Scene & Heard: Books Come to Life

Soa H Andrian

Every year, literary A-listers and their worshippers descend on Copley Square for a day-long festival to celebrate the written word. The Boston Book Festival’s fourth annual celebration brought together authors as diverse as Lemony Snicket, X.J. Kennedy, Junot Diaz, and Adam Gopnik and featured over 40 events on topics as varied as “Jewish Jocks” and “How to Write a Crime Novel.”

In the Square, independent publishing houses and literary magazines set up tents as bibliophiles wandered from one to the next, leisurely chatting with friends about the books they saw and the events that they planned to attend. Adding a musical flair to the festival, the Berklee College of Music lined up six performers. Attendees enjoyed food from the Clover food truck or Ravi’s Restaurant while jazz, Argentinian and Arabic music filled the Square.

The excitement in the air was palpable: “There’s just nothing like it on this scale,” said Allston resident Bryan Monroe.

“So often the literary scene is private—you receive your book or your magazine in the mail, you read it and it’s wonderful, but there’s rarely a chance to discuss it with other people. It’s one of the reasons why I love the festival, because so many like-minded people who are interested in debating and conversing come together to listen and learn together.”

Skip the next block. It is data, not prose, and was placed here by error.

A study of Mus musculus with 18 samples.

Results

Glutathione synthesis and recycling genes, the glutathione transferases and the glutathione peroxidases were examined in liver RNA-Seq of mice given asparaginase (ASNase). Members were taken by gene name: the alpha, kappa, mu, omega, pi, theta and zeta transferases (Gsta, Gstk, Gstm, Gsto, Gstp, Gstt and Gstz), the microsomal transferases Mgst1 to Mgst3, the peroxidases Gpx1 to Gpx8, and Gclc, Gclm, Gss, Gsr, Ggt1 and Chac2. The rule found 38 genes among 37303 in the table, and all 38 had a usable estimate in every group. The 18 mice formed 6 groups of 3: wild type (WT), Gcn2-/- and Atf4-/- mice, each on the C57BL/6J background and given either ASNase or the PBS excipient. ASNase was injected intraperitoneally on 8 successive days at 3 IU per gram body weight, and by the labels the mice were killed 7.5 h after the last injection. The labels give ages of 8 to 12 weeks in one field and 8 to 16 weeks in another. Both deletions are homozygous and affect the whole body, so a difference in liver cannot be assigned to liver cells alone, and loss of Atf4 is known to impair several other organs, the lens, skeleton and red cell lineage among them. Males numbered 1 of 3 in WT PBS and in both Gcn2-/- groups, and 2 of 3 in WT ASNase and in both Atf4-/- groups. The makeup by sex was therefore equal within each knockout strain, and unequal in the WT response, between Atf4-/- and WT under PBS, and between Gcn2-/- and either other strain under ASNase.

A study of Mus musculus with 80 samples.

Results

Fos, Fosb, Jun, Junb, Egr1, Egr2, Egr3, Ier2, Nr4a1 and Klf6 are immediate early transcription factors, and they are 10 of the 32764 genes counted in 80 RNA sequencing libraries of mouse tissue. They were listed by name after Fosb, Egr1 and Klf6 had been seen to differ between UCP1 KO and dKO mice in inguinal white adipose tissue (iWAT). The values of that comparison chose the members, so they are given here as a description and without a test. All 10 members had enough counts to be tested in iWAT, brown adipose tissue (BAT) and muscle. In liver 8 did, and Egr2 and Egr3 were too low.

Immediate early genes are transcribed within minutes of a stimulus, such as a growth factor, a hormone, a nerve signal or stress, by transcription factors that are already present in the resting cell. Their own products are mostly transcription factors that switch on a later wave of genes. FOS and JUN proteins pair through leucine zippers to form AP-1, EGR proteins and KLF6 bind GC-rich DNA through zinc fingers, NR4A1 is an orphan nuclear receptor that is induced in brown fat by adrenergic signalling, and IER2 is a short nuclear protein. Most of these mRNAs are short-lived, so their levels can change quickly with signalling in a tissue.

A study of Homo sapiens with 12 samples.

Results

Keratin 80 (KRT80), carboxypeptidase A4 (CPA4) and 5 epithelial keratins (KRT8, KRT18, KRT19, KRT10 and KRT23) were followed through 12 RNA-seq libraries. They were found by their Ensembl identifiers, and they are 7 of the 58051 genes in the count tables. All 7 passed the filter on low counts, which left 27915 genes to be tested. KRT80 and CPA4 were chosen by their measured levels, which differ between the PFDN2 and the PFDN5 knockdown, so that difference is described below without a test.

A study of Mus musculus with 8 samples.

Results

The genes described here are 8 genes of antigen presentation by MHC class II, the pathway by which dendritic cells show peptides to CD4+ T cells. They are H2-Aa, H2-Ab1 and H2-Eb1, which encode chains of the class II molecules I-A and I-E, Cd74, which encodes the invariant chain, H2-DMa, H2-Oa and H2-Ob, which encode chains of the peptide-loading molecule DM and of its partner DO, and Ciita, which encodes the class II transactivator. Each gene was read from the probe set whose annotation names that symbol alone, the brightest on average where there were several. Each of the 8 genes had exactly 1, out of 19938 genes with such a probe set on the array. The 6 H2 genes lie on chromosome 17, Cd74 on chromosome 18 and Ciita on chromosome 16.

Virtually all of the events were well-attended—in fact, some had book-lovers waiting around the block, while the panel “Triumph of the City” overflowed into an adjoining room with a live feed.

Conversations spilled onto the street as people filed out. “I think the point about hip-hop transcending blackness is really accurate; you can see rappers such as Eminem and Pitbull as popular figures,” one woman said after leaving the event “Black Culture: Music and More.” Her friend nodded in agreement, before pointing out that they were going to be late to the event on graphic novels.